Bears in Michigan?

by Paul Vachon, June 10, 2015

 

 

 

 

 

This morning I read a short article in the Detroit Free Press explaining that black bears are gradually moving south in Michigan.  Historically, most of Michigan’s bears have been known to inhabit the Upper Peninsula and the northern tier of the Lower Peninsula but recent observations by the Michigan Department of Natural Resources have placed the large–and occasionally dangerous mammals–near the mid Michigan communities of South Haven and Hartford.

I also noticed another potential warning on MSN’s Money page.  It explains that the current situation surrounding interest rates may eventually lead to a sudden dive in stock prices.

The article cites experts who compare the current situation with the one that existed in 1987.  That summer, a gap developed between interest rates charged by banks to their clients to fund mortgages and others loans and the federal discount rate, the interest charged by the Federal Reserve on overnight loans to various banks.  Eventually the gap became unsustainable, forcing the Fed to steeply raise the discount rate.  The resulting jolt to the economy caused a sudden and steep fall off in the stock market, giving us the infamous crash of October, 1987.  A recession followed over the next several years.  Economists are now pointing to the current situation –principally the Fed’s rate policies–and drawing parallels to 1987.  At today’s valuation, a stock market crash on par with the one 28 years ago would translate to a 4,000 points decline in the Dow 30 industrial index!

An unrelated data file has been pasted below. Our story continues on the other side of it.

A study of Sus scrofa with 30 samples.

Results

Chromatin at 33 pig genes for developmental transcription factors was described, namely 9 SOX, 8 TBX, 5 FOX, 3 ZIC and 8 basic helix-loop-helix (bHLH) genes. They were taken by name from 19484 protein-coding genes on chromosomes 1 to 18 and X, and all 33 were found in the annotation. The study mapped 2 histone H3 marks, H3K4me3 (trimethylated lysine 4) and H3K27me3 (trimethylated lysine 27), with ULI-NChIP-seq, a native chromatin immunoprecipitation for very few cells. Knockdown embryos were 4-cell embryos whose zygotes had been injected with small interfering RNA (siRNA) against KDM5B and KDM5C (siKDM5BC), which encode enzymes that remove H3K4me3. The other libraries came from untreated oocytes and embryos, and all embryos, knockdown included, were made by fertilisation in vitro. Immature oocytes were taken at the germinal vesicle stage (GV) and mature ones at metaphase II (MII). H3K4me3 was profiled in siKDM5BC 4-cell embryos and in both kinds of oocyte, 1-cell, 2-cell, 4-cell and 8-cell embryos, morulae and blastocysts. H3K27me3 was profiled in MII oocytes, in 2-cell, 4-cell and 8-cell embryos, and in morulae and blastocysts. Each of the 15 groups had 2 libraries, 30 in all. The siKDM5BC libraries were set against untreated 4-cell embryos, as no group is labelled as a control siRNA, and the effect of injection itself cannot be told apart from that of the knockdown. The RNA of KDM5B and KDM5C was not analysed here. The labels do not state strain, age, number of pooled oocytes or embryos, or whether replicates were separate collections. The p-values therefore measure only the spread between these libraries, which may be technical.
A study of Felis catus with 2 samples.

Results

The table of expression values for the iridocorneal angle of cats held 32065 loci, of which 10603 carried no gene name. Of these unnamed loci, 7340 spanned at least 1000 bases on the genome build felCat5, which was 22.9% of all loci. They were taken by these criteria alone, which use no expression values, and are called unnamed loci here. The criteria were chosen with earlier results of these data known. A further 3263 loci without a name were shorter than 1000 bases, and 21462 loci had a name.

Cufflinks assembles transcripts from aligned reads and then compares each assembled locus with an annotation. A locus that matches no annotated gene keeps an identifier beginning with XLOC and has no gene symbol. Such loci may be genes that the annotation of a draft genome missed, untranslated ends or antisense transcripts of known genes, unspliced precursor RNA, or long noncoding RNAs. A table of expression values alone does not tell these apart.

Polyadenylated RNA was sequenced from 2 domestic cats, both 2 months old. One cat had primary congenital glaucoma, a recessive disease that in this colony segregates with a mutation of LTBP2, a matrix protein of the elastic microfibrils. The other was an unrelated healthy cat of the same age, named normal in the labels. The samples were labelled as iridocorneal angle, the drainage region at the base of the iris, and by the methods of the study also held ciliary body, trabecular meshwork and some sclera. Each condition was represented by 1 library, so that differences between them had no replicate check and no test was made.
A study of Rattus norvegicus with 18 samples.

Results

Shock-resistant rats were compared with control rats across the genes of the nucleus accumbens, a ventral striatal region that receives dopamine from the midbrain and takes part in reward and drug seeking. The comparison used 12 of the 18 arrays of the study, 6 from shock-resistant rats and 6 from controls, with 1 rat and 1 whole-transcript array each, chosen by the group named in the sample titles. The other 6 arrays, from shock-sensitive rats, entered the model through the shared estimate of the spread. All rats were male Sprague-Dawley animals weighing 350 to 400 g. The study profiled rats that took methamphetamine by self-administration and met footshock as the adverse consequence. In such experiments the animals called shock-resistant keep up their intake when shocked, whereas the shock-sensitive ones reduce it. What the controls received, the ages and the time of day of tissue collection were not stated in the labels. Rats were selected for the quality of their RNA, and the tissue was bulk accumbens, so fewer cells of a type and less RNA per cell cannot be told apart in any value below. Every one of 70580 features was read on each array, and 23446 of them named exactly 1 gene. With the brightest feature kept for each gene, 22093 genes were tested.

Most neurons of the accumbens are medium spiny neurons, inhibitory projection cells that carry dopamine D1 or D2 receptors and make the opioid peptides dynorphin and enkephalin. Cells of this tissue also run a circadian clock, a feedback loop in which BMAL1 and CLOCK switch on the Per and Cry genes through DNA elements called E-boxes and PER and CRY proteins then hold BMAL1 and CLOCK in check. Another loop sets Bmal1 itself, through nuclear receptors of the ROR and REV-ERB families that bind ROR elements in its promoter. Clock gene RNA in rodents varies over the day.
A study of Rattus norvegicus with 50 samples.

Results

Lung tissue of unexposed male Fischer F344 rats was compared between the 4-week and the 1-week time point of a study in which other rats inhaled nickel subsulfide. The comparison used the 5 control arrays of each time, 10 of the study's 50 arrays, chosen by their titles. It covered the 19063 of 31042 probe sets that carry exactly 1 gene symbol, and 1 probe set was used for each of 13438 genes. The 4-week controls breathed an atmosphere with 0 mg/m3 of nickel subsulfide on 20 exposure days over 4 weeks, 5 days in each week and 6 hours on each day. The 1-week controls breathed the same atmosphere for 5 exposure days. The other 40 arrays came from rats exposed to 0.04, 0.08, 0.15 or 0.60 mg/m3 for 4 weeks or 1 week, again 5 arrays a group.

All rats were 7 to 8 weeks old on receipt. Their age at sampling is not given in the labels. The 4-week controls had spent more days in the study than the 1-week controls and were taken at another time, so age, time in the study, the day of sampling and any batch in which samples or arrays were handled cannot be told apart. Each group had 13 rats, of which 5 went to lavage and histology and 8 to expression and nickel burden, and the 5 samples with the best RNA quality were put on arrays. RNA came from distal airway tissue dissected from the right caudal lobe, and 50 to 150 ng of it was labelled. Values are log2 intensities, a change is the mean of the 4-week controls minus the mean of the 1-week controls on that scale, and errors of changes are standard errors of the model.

It’s often been said that when the nation catches an economic cold, Michigan contacts pneumonia. What most Americans now refer as the Great Recession started much earlier here in the Wolverine State.  For several years the local joke was that we were mired in a “one state recession.”

As a long time booster of my hometown, Detroit, I shudder to think what yet another severe recession might mean to the Motor City.  For the first time in decades, residential and retail developments are taking hold in the downtown and midtown areas. Hope is returning to a city which has long suffered from dashed hopes and defeated dreams.

Let’s hope that the warning proves to be a false alarm, and that the bears stay clear of southeast Michigan!